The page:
The PLAYERS: Moving Day is Coming
Posted by: mike May 10th, 2017
By Gary Van Sickle
Not Moving Day, the cliché phrase used by hack golf writers to describe a golf tournament’s third round. I mean Moving Day as in the day The Players Championship moves from its dud May date back to its original slot in late March two weeks before the Masters.
There has been so much discussion of the possible move lately that I’m starting to believe it’s a done deal. Coupled with the growing suggestion that the PGA Championship may move to May or even February, it would make sense as a way to end the golf season in August instead of September. I have zero proof that Moving Day will happen. But if all the talk about The Players wasn’t true, new tour commissioner Jay Monahan would publicly have shot down those move rumors by now and he hasn’t done it. I think a new plan is in the works.
Should The Players go back to March? The TPC Sawgrass course had to be overseeded to be played that time of year. It went without overseeding once it moved to May. The overseeding generally made the course play softer and easier but maybe that was also because March is a wild weather month in North Florida. I remember a lot of rain and cold wind. I remember the year Fred Funk won in a Monday finish so delayed that it barely finished before sunset on Monday and almost spilled over into Tuesday.
The weather in May has been better, yes. It has also been less interesting. It has been hotter and more humid, enough to maybe dampen the gallery’s enthusiasm for walking the course under a blazing spring sun.
So The Players was like an appetizer before the main meal, the Masters two weeks later. So what? That made the media members more involved, even if they were working on Masters preview pieces, and engaged the top players, too.
It was also sharing TV screens with the NCAA basketball tournament, the time of year when you’re nobody if you’re not in the office bracket pool. Fred Couples was a staple on the couch in the players locker room after his round watching basketball. A few times, I followed him up there to get some additional comments and he gladly obliged in between talking back to the screen after one of CBS hoops analyst Billy Packer’s comments.
It was easy to see why The Players might have had an inferiority complex in those days. May just hasn’t worked out. There has been just about zero buzz about the tournament in May and that’s despite some damned exciting finishes the last few years. The talk about the course playing firmer and faster and being in better condition in May just hasn’t panned out. I haven’t heard anybody, experts or otherwise, fervently argue for the May date.
“I know the weather in May is more consistent but you’re really at the mercy of not overseeding and what kind of winter you have,” said former Players champion Justin Leonard, now a Golf Channel analyst. A couple of years ago, we weren’t allowed on four of the greens during practice rounds because they were in such disrepair because of weather and maybe a chemical application mistake. I didn’t feel like it competed with the Masters at all. I just felt the course and the conditions were more predictable and consistent year-in and year-out.”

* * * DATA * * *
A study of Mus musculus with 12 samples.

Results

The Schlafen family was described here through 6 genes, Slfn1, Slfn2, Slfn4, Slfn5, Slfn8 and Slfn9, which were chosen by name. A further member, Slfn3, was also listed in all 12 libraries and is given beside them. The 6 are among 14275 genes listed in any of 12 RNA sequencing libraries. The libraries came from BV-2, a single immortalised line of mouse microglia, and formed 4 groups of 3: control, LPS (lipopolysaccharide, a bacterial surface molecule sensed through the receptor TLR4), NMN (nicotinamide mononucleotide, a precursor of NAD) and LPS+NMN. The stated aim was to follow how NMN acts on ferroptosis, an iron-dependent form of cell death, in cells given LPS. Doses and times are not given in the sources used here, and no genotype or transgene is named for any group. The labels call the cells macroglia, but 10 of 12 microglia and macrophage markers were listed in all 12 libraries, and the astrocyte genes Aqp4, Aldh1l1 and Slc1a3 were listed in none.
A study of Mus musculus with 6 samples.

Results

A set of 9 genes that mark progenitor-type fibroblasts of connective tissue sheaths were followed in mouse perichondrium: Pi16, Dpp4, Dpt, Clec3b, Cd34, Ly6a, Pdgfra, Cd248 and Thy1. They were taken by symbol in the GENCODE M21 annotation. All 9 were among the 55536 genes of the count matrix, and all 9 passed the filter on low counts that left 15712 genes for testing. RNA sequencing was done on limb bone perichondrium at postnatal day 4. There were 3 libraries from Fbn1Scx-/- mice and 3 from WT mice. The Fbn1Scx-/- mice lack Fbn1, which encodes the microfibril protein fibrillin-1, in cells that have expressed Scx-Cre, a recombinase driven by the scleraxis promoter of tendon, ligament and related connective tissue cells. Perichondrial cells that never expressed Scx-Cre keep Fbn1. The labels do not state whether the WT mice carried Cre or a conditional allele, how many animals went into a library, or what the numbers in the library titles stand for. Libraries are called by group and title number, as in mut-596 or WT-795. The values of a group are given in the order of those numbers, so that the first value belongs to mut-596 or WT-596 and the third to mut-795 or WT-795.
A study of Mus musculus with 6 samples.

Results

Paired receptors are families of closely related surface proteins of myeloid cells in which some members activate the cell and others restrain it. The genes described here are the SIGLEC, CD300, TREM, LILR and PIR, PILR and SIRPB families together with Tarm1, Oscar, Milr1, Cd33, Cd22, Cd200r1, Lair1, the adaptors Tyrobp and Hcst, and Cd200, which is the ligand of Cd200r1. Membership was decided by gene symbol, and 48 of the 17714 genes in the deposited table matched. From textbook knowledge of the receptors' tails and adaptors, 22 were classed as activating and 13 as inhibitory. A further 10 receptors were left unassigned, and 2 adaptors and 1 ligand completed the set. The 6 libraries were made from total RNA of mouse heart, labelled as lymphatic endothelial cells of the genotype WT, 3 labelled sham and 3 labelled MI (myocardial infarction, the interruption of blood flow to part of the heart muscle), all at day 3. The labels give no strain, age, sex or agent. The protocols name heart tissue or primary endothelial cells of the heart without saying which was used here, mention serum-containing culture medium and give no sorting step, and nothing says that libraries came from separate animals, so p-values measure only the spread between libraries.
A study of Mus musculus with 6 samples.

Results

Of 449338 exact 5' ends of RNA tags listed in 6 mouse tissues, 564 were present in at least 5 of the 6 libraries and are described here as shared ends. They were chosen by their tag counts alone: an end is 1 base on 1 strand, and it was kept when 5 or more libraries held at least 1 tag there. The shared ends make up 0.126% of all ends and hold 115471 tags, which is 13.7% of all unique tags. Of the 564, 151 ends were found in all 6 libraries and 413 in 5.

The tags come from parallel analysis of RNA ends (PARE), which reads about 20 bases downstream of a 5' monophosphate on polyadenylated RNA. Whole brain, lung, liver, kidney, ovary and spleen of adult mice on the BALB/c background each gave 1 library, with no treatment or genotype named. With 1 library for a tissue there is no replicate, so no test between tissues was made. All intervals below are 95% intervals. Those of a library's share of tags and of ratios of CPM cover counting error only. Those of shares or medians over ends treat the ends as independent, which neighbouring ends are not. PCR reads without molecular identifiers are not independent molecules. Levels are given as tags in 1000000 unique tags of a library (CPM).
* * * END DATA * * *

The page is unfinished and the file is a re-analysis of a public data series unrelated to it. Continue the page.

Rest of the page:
David Duval, another former Players champ who also is a Golf Channel analyst, says he’s been pushing for the move back to March for a couple of years. “I don’t believe the golf course has quite lived up to how they wanted it since the move to May,” Duval said. “It’s been a bit of a struggle. The course should be presented in a better manner. The weather is always hit and miss in Florida. I hope it does go back.”
Forget the NCAA tournament and the Masters. In March, The Players was the grand finale of what was once a seamless five-week Florida swing with stops at the Honda Classic, Doral, Innisbrook and Bay Hill leading to Sawgrass.
“I always liked that The Players was the end of the Florida Swing,” NBC analyst Johnny Miller said. “It sort of was the cherry on top. The nice thing about March was that you got those north winds occasionally and all of a sudden 17 and 18 become monster holes. The 17th has been just a little flip wedge for these guys but if a north wind comes sweeping through there, what a finish that is. The weather makes it a tougher challenge.”
The whole point of the Pete Dye design is that it’s feast-or-famine golf. Good shots are rewarded and bad shots are penalized to the extreme. Watching the world’s best players try to navigate a tough course that’s laden with water hazards was part of the fun. It was like a NASCAR race where a lot of times, the crashes were the most exciting part. Who didn’t like to see the ball count rise at the par-3 17th hole on a windy day when dozens of balls splashed?
It was March Sadness for the pros who hit those errant shots but for the rest of us, it was golf’s version of March Madness and it was fun. The event in May feels like one big boring, corporate outing. Bring back the madness, PGA Tour. I vote for March.
Gary Van Sickle has written about golf since 1980, the last 20 years for Sports Illustrated, and for Golf World magazine and The Milwaukee Journal before that.
He played in two U.S. Senior Amateur championships, was once paired with Larry Mize and Tom Purtzer in U.S. Open sectional qualifying, has made seven holes-in-one and is not going to give you strokes. He lives in Pittsburgh.